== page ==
Cancer immunotherapy is a treatment that involves using certain parts of an individual's immune system to fight cancer.
This can be achieved by stimulating one's own immune system to attack cancer cells or by supplementing the immune system with components, such as man-made immune system proteins.
AdvertisementOver the last few years, immunotherapy has become an important part of treating some types of cancer, but is not yet as widely used as surgery, chemotherapy and radiation therapy. Unlike other cancer therapies that target the tumour directly, immunotherapy works by recruiting immune cells that target the disease instead.
Owing to the immune system's unique properties, immunotherapy for cancer may hold greater potential than the current treatment approaches. It can help fight cancer more effectively, offer long-term protection against the deadly disease, have fewer side effects, and can benefit more patients with more types of cancer.
Normally body cells grow and divide to make new cells, and then die in an orderly way. Cancer starts when cells in a part of the body begin to grow out of control. Cancer cell growth differs from normal cell growth as instead of dying, cancer cells continue to grow and form new and abnormal cells. One reason that cancer cells thrive in the body is because they are able to hide from the immune system.
The immune system is a complex network of cells, tissues, and organs that work together to protect against disease or other potentially damaging foreign bodies. The immune system's ability to detect and destroy abnormal cells may prevent the development of many cancers. However, some cancers are able to evade the immune system.
The cancer cells produce signals that reduce the immune system's ability to detect and kill tumor cells. At the end of a normal immune response, the immune system produces some signal molecules that suppress itself. This is probably what the cancer cells do, to shut off the immune system. They evolve the ability to produce some of the chemicals that would normally dampen the immune response.
Sometimes, the tumor cells may have changes that make it harder for the immune system to recognize and target them. It appears like healthy normal tissue to the immune system, thereby stopping it from being destroyed.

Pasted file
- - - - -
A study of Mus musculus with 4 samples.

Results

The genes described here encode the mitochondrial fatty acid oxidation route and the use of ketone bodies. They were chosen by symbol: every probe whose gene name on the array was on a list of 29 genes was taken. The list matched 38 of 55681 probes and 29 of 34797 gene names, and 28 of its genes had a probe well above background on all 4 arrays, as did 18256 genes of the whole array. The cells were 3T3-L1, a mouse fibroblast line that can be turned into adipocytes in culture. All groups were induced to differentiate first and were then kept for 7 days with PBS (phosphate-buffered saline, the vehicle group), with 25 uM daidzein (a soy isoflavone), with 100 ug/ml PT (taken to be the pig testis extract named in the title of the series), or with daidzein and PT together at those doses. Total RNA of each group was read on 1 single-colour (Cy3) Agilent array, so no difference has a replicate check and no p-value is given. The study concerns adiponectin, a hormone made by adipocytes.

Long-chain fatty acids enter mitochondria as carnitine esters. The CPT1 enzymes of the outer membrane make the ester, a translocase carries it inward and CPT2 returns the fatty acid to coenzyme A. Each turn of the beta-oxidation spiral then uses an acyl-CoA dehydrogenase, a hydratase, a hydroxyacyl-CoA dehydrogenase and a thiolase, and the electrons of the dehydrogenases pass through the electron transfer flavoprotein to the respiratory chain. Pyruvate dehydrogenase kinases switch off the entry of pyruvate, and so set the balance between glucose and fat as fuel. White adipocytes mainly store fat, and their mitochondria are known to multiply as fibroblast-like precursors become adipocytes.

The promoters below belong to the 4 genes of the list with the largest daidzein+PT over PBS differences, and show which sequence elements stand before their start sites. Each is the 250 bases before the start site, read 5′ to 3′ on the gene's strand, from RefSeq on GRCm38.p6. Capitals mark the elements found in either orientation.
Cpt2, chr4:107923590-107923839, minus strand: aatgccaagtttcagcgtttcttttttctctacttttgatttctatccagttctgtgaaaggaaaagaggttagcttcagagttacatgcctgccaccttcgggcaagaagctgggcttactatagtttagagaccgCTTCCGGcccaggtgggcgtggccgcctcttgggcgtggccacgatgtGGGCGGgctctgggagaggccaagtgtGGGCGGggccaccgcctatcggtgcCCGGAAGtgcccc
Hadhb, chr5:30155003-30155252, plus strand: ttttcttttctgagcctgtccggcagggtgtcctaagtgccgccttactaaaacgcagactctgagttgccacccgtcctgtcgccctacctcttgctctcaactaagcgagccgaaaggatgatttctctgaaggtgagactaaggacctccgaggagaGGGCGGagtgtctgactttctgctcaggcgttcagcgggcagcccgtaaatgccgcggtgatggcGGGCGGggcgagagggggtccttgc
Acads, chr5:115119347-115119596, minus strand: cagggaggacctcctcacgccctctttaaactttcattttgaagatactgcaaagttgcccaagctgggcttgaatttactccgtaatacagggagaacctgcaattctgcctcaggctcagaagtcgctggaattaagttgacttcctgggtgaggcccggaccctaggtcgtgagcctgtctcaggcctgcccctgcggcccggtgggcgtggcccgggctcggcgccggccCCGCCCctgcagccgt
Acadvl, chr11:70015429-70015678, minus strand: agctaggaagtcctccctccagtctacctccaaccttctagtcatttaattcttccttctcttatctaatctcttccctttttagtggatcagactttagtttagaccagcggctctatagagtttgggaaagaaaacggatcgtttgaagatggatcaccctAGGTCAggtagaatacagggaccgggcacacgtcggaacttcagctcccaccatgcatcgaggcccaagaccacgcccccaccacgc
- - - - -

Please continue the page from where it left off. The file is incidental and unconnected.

Some truly exciting researches are happening in the field of immunotherapy. Data presented at the American Society of Clinical Oncology (ASCO) meeting revealed that advanced melanoma skin cancers (shrank when two immunotherapy drugs were given in combination. The UK-led research team used a combination of Nivolumab and ipilimumab to treat patients with advanced melanoma.
Nivolumab binds to a molecule on the surface of immune cells called PD-1. PD-1 prevents the destruction of cancer cells by the immune system. By binding with PD-1, nivolumab effectively stops one of the ways cancer cells avoid being destroyed by the immune system. Ipilimumab works in a slightly different way. In simple words, it releases the brakes on the immune system. The dual treatment saw over half (57%) of patients in the study respond to the treatment, as opposed to only a fifth (19%) who were given ipilimumab alone. However, these drugs do not work equally for everyone. Some people do spectacularly well, some show mediocre response, and some do not respond at all. The reason why is still unclear.
Also, immunotherapy is an expensive affair. The research team reported far more severe immunotherapy side effects as a result of the combination of treatments. The associated toxicities were manageable with steroid treatments and no treatment-related death was noted during the study period in the dual therapy group.
Long-term side effects are another major concern of this combination immunotherapy. Researchers are concerned if the change to the immune system could increase the risk of autoimmune diseases. So far the side effects seem to appear only during the treatment period, but long-term follow of patients who responded to immunotherapy has not taken place.
The study has been published in the New England Journal of Medicine.